Frontline Knowledge Explorer: An experiment in co-producing knowledge
Note: This was an experiment in collaborative knowledge generation which we carried out in 2009. Although it didn’t take off in the way we had hoped we learnt some valuable lessons, and you can click through the links below to see the results.
The Frontline Knowledge Explorer (FKx)
The Frontline Knowledge Explorer (FKx) was an initiative for individuals to share valuable first hand experience of working on climate change adaptation with fellow practitioners, decision makers, and others around the world. In this way, FKx was an experiment in the co-production of knowledge through an open and collaborative reflection on collective experiences.
The first topic, FKx 1: the linkages between disaster risk reduction and climate adaptation, was formally launched at the CBA Conference in Dhaka, Bangladesh, 18-24 February 2009 and online ‘invitations’ were distributed through the weADAPT, Eldis, IDRC CCAA and UNDP ALM mailing lists. The period for concerted contributions was originally between the 19 February and 27 March, but was extended to 3 April.
You can read the results of this experient here.
Background and Rationale
Responding to climate change requires new ways of thinking and doing. The Frontline Knowledge Explorer evolved from a meeting of climate change knowledge service providers committed to developing new ways of working together and with others to meet the challenges of climate change.
We wanted to explore:
- How we might go about generating knowledge together through reflecting on our collective experiences and thinking; and
- What might be generated by doing this.
Climate change is one of those complex challenges we face that affects us all and that we will all need to be part of tackling. People have been adapting to changes in the climate (natural variability) but due to our influences on the climate system, through activities that result in the emission of greenhouse gases, the changes are deviating from what they would otherwise have been (human-induced or anthropogenic climate change). We now not only know that but we also know something about what those changes in the climate are and will be in the future. This puts us in a position to learn from what we and others have done in the past to respond to climate (mixed in with other factors), to act on climate change accordingly and in turn to reflect and learn from these experiences and act again… ad infinitum. Instead of doing this only individually or independently we see value in and a need for doing this more collectively and concertedly, not just the acting but the learning too. Some call this social learning. You could think of it as everyone holding a piece of the puzzle, and by sharing those pieces then the bigger picture becomes clear.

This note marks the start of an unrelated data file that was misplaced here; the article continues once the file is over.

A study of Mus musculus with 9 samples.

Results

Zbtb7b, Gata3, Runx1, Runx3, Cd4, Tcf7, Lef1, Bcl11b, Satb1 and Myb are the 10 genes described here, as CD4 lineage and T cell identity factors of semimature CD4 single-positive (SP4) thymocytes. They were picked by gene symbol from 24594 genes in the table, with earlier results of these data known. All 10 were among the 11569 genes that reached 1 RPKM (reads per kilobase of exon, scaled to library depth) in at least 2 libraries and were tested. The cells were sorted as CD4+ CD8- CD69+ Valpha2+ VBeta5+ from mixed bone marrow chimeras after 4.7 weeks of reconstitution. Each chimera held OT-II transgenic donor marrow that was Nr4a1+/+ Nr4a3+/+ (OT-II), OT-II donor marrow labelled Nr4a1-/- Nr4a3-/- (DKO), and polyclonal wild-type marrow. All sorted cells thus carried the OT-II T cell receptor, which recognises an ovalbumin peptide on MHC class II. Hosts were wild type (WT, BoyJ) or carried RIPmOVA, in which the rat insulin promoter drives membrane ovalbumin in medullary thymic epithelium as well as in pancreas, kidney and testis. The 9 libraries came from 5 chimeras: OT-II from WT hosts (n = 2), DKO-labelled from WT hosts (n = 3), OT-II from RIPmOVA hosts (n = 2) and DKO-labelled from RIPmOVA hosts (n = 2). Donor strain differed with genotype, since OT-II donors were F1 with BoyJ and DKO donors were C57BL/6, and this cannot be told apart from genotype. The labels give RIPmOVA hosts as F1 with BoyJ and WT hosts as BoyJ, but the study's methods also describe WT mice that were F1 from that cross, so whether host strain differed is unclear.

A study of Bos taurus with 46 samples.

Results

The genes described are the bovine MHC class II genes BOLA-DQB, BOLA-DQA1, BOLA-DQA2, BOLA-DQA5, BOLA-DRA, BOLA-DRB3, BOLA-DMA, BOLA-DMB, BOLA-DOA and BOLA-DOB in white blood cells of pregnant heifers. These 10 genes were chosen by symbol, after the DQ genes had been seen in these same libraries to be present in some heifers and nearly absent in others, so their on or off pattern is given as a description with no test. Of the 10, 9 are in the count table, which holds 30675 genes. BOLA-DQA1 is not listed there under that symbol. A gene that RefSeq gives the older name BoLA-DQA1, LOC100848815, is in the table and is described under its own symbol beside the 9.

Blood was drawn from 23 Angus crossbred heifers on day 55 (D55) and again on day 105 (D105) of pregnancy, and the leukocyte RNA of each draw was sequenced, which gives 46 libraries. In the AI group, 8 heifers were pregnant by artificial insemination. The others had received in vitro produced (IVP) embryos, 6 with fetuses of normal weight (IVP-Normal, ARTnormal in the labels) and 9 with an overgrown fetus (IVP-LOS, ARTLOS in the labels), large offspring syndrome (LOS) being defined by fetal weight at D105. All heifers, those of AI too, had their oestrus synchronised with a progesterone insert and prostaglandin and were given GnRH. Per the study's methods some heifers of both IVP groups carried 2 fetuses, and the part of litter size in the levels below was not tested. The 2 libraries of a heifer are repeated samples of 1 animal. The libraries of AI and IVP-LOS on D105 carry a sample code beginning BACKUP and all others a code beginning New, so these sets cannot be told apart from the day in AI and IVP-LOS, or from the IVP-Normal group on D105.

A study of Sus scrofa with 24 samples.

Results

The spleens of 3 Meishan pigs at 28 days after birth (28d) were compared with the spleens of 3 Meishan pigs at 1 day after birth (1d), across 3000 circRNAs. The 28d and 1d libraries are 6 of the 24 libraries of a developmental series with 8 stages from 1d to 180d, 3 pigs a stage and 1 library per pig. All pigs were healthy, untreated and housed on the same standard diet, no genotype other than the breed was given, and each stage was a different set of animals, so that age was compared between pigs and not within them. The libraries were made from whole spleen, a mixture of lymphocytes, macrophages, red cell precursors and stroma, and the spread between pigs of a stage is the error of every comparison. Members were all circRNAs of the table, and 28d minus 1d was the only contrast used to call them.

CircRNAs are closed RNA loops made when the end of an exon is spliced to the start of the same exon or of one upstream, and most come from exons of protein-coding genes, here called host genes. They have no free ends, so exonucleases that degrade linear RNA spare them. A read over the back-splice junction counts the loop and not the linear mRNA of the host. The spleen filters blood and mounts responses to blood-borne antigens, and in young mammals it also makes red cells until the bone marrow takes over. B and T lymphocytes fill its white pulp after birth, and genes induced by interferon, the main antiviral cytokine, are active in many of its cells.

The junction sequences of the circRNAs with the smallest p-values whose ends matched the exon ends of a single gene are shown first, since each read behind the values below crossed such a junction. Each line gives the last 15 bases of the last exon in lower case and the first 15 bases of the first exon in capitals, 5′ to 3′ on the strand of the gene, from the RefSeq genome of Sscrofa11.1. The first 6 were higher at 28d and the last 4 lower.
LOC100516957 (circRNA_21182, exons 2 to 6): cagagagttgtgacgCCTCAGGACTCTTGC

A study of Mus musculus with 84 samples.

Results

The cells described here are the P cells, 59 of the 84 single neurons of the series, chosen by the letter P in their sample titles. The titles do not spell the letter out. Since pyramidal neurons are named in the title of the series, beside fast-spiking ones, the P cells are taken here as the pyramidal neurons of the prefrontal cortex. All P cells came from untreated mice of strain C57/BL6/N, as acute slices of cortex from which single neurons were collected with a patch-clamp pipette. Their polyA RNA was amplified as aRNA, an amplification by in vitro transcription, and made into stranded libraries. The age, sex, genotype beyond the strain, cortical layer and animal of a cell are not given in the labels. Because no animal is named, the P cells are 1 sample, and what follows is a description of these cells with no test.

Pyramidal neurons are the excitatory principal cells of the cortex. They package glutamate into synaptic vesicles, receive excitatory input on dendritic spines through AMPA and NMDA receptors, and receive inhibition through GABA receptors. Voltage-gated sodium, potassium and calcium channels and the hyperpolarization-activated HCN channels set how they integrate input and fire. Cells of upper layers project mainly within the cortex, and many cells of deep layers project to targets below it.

We posed ourselves some questions that we could together begin to try and answer, maybe reaching consensus on some, maybe bringing to light some conflict over others and potentially coming up with new questions to answer. Through this written dialogue and debate we hoped to facilitate some social learning of our own and showcase one way of doing so in other contexts.
This experient was a test in using wikiADAPT (an early version of weADAPT) as a tool for facilitating this learning and co-production of knowledge. The outcome(s) we hoped would prove to be useful in and of itself. The strength of this was reliant on our willingness to:
* try a new technology, which may initially be scary and discomforting * find time * trust, both the process and the people * use our voice (or keyboard!), share, contribute, put it out there * be inclusive * teach and learn * edit and be edited * walk the line between collaboration and competition… generating creativity at the edge of chaos
In order to make this doable we thought it would be useful to start by tackling a manageable “chunk” of the climate change discussion (FKx 1: the linkages between disaster risk reduction and climate adaptation), a chunk that was broad enough to give lots of us the sense that we have something to contribute, but targeted enough that it didn’t overwhelm us and we could each find a point of entry.